Scared of prospecting FSBOs? Now there’s an easy way to turn that reluctant FSBO into a satisfied customer.

According to NAR’s Profile of Homebuyers and Sellers in 2003, only 14 percent of home sellers actually sold their homes without the help of a real estate professional. This represents a 30 percent decline over the last two years in the number of people successfully selling their home “by owner.” There are many reasons FSBOs do not succeed without an agent. Some simply price their property too high. Almost none have the resources and sophistication to obtain a top search-engine placement. Few know about virtual tours or how to import them to a Web site. Thus, the FSBO is left with newspaper advertising and a sign. At best, these two strategies reach less than 20 percent of all potential buyers. Granted, some FSBO companies will place the seller’s listing on the Multiple Listing Service through an IDX or VOW agreement, but agents are often reluctant to show these homes.

FSBOs who list with online real estate companies or discounters who provide a menu of services also have challenges. With the exception of Help-U-Sell and Foxtons, none of the online FSBO companies place as highly as traditional real estate companies in terms of search-engine placement. This means there are fewer visitors to these Web sites. This results in lower purchase price for the seller due to less exposure. In fact, according to NAR’s 2003 Homebuyers and Home Sellers Survey, the average FSBO sale was $145,000, compared to $175,000 for the average Realtor-assisted sale. This means on average, listing with a Realtor translates into 21 percent more for the seller.

Agents are often reluctant to prospect FSBOs because they fear rejection, yet FSBOs are one of the best sources for listings. The challenge is few agents have a strategy to keep in contact with the FSBO long enough for the FSBO to give up on selling themselves and list with a broker.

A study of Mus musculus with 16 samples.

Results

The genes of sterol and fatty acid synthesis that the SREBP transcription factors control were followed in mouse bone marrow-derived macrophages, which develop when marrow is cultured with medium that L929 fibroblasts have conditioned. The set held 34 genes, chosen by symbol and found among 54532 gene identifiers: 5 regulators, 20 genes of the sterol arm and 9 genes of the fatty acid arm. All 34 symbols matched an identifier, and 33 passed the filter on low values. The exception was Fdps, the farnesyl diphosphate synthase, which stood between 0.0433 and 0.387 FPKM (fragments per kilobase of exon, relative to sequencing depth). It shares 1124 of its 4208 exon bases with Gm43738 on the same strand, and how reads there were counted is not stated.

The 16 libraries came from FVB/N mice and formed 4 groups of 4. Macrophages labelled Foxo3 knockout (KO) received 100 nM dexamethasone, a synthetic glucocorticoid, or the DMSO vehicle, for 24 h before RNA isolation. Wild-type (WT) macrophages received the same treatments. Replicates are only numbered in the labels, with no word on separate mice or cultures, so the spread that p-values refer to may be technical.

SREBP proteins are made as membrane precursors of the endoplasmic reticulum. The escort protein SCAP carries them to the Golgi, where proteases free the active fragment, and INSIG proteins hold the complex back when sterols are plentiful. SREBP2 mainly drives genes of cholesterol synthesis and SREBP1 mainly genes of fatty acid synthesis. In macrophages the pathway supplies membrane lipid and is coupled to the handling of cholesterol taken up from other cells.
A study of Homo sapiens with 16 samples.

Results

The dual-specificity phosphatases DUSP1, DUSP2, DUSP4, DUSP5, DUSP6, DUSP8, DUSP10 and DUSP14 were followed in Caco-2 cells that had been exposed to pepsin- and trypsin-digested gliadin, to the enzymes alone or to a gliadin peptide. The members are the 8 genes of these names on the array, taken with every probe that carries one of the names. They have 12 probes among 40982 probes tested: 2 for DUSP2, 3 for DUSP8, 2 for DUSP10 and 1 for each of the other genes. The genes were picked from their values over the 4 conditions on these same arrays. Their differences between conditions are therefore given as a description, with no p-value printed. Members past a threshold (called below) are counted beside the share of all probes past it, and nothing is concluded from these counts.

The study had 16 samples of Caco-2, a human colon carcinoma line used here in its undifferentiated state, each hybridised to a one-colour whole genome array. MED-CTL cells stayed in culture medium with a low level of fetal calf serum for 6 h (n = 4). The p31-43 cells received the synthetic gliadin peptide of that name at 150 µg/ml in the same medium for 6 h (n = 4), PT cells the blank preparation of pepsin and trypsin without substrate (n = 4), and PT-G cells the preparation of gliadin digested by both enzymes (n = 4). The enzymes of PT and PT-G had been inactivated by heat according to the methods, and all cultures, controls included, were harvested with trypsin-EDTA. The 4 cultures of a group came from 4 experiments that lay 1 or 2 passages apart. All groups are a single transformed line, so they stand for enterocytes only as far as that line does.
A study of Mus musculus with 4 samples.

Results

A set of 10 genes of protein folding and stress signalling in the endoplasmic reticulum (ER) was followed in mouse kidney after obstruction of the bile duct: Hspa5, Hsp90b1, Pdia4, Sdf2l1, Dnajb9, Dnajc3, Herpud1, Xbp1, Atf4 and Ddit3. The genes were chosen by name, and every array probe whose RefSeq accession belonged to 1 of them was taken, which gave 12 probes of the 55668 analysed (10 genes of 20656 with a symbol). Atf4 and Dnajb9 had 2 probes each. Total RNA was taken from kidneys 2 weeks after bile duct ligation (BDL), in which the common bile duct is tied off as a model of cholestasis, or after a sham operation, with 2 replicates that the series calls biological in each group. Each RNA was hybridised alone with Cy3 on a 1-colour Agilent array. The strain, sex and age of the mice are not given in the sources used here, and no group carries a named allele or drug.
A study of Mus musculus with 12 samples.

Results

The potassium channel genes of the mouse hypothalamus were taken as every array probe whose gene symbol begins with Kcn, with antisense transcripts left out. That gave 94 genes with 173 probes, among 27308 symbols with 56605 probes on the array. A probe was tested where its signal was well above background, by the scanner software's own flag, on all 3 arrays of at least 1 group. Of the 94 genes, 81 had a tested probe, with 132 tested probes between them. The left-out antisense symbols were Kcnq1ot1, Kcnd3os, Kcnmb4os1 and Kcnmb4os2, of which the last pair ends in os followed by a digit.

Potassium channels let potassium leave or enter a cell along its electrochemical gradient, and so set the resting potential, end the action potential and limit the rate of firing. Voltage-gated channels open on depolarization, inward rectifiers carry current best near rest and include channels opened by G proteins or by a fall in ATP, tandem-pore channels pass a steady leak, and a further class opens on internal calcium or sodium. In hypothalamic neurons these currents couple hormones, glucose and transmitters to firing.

As an agent, how can you capitalize on this situation? A new company, www.FSBORE.com has an interesting strategy to keep you in front of the FSBO in a way that can easily convert the FSBO into a signed listing. Its approach is to offer a service where you provide FSBOs with a means to place an ad for their property online. Like many of the lead generation companies, you purchase a specific territory. Your FSBO leads post their ad using a pass-code-protected system. You do not place the ad for the FSBO. Instead, you only pay for the service. Each FSBO maintains its own ad. Instead of trying to educate the FSBO why they should list with you, the strategy shifts to providing the FSBO a service to help them sell their home. Since you are giving something away, you are not telemarketing your services. Consequently, the “No Call” list does not apply, provided you make no attempt to solicit the FSBO’s business. When you offer the service, you can ask the FSBO’s permission for the “area representative” (you) to contact them in the future to determine if they need anything else. At this point, you have “permission marketing,” i.e. you can contact them in the future. If they say “No” to this question, you can still contact them by e-mail. You can try this service for 90 days at no charge.

As an agent, your goal is to be in front of the FSBO when they decide to list their property. Using this strategy, you now have a means for contacting the FSBO on a regular basis. If you provided this service on your own Web site, the FSBO normally assumes you will be directing buyer inquiries to your full-commission listings. By using this approach, however, you can call the FSBO repeatedly, suggest they change their ad if they are not generating enough buyers, and be helpful without inserting yourself into their sale process. An important point to note: do not give the FSBO any real estate advice because you could be creating an agency relationship. If the FSBO relies on your representations and something goes wrong, you can be on the hook for damages.

If FSBOs are curious as to why you are helping them, let them know you would like to earn the right to receive their referral business. Also, given that you are providing the FSBO with a service, there’s nothing wrong in asking for the contact information of buyers who contacted the FSBO but were not qualified to purchase the FSBO’s home.

Working with FSBOs is one of the fastest ways to build your inventory. Are you up to the challenge?

Bernice Ross is an owner of Realestatecoach.com and can be reached at bernice@realestatecoach.com.